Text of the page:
Keep Home Fire-Free in Fall and Winter

A few simple steps can keep your home and yard safe from
n By Kelly Savio Staff Writer

The dry season is over and the rains are due to arrive, but that doesn’t mean potential fire dangers have gone up in smoke. Winter poses a number of risks, which can be even more dangerous because they often go overlooked. When’s the last time, for instance, you had your chimney cleaned?

Here are some flare-up danger spots and tips on how to make sure you don’t get burned this winter.

Friendly Furnace

As the nights get colder it may be tempting to turn on the heater. But a heater that has been sitting unused all summer can also be a fire hazard when lit without first receiving proper attention.

“If the filter is dirty when you turn on the heat, you’re not getting air through the furnace, ” said Bob Baker, owner of B&B Heating in Gilroy. “Because it’s plugged, the furnace will overheat. Then, lint and stuff like that in the dirty filter can catch on fire.”

Some filters can be cleaned reused, but others need to be replaced, Baker said. Homeowners should learn what kind of filters they have and how to clean or replace them. The filters should be cleaned or changed twice during the heating season, he said, and if you aren’t sure how to do this, call a professional.

If the furnace is an older model, Baker said, a professional should check for cracks in the heating chamber of the furnace. These cracks can cause carbon monoxide to leak into a home and lead to carbon monoxide poisoning, which can be fatal.

Gas lines leading to heaters should also be checked, Baker said. Spray water mixed with dish soap onto all the pipe joints. If bubbles begin to appear, there is a leak, he said. Also, if you smell gas, call a professional immediately.

Finally, never store flammable liquids or combustible materials in front of or near a furnace.


If you burn wood in your fireplace, it needs to be cleaned every year, said Bill Garringer, fire chief of the Hollister Fire Department.

“We have several chimney fires every year, and sometimes these lead to roof fires or worse,” he said.

Before you build a cozy fire in the fireplace, it’s important to first clean the chimney, said Terry Bozzo, owner of A Clean Sweep Chimney Service in Gilroy.

“Soot and cobwebs up there can catch and start a fire,” he said. “If you have creosote built up in there, it can be really dangerous.”

Creosote is a tar-like substance made of materials that don’t burn in the fireplace, Bozzo said. It’s the stuff left over in the smoke that builds up in layers inside a chimney and is highly flammable.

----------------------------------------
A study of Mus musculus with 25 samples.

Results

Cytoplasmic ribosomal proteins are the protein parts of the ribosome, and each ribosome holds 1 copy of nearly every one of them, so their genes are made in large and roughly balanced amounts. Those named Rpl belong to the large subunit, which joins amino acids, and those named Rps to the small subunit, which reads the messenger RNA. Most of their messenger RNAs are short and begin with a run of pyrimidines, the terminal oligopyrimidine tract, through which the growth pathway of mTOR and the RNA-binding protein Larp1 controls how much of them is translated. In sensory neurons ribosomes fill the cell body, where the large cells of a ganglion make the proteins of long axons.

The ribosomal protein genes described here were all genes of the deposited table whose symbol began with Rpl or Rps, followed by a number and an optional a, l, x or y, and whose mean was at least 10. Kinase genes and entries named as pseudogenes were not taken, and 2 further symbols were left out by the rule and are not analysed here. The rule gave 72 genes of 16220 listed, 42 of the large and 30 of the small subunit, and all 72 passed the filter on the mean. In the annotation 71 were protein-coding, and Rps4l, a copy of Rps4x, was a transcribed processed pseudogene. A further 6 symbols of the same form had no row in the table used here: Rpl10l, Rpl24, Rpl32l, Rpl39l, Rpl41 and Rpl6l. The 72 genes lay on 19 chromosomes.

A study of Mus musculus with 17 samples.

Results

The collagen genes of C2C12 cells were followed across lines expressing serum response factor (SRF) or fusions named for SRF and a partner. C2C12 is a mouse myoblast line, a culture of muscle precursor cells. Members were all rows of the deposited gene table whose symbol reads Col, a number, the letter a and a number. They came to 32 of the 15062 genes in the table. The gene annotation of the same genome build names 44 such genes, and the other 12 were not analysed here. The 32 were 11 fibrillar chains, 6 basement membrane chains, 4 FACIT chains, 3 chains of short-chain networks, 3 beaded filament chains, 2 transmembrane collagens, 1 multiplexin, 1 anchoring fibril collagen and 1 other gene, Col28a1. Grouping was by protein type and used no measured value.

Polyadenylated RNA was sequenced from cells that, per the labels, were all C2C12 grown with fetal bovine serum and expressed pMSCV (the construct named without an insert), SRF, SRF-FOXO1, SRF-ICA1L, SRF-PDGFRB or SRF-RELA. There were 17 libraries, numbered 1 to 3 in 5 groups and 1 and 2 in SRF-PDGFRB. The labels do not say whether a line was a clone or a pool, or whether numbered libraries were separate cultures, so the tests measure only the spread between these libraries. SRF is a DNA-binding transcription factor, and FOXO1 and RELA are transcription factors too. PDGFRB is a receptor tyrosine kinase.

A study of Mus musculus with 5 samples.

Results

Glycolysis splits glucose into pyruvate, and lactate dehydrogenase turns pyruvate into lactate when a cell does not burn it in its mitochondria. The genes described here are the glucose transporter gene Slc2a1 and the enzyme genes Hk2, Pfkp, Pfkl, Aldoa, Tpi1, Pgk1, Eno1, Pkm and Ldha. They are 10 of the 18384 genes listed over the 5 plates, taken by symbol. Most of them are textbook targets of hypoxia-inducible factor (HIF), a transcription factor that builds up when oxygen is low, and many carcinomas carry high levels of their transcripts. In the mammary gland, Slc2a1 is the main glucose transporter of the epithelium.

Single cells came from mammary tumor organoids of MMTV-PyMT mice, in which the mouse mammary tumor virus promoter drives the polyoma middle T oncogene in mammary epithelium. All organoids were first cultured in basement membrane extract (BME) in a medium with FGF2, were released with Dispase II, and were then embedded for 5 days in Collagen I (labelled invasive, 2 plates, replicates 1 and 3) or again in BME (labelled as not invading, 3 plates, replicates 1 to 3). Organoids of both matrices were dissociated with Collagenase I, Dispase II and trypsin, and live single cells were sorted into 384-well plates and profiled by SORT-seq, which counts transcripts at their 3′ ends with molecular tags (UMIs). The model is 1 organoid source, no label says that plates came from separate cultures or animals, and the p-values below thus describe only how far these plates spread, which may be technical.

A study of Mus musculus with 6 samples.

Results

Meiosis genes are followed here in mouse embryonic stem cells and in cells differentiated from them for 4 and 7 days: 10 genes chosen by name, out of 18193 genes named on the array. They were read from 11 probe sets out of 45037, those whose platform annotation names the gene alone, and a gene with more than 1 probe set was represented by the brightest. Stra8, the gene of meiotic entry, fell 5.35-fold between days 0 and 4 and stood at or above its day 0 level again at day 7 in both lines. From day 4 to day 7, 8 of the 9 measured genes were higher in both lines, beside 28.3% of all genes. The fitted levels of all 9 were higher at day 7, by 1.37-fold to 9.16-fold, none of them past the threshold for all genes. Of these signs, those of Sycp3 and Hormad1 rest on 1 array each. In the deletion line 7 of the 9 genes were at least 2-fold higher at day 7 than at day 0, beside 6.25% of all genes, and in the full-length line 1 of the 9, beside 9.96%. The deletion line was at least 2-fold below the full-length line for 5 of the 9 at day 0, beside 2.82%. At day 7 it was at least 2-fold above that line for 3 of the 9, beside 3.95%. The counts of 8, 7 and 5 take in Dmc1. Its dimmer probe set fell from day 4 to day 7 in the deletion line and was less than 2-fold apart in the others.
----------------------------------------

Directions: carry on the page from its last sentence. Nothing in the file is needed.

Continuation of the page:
Cleaning out a chimney is a fairly easy task, Bozzo said. Brush down the inside with a sturdy broom and put a brush down the flue, making sure to scrape off any residue. Then, vacuum out the chimney.

“It’s not a very hard job, but it’s very dirty,” Bozzo said.

Don’t be disappointed if the chimney sweep arrives at your door, though.

“I don’t know if it’s lucky to shake hands with us, and we don’t wear top hats when we work,” Bozzo said. He also does not sing or dance on rooftops a la “Mary Poppins.”

Odds and Ends

Leaves and pine needles in gutters and on roofs can be a fire danger if sparks from a chimney get too close, Garringer said. People with burn permits legally burning rubbish piles should also watch out for these leaves. They will act as fuel if an errant spark lands on the roof, he said.

Another hidden hazard is a kitchen oven that hasn’t been cleaned in a while.

“It seems that every Thanksgiving, we respond to a fire in an oven that is used to cook the holiday turkey,” Garringer said. “This is usually the result of prior grease buildup in the oven and the length of time a turkey cooks.”

An oven cooking at high temperatures for long periods of time is more prone to having a grease fire, he said.

“Make sure your oven is clean before you cook the holiday bird, or you might be dining out for the holiday,” he said.

One of the best things a homeowner can do to prevent fires during this season is to install new batteries in smoke detectors every fall, Garringer said. A good reminder is to change the batteries whenever you change the clock for daylight savings in the spring or for standard time in the fall, which took place last week.

Additionally, make sure everyone in your household knows what they’re supposed to do in case of a fire or other emergency.

“Every family should also develop an escape plan and hold a drill so the kids know where to go and meet outside if there is an emergency,” Garringer said.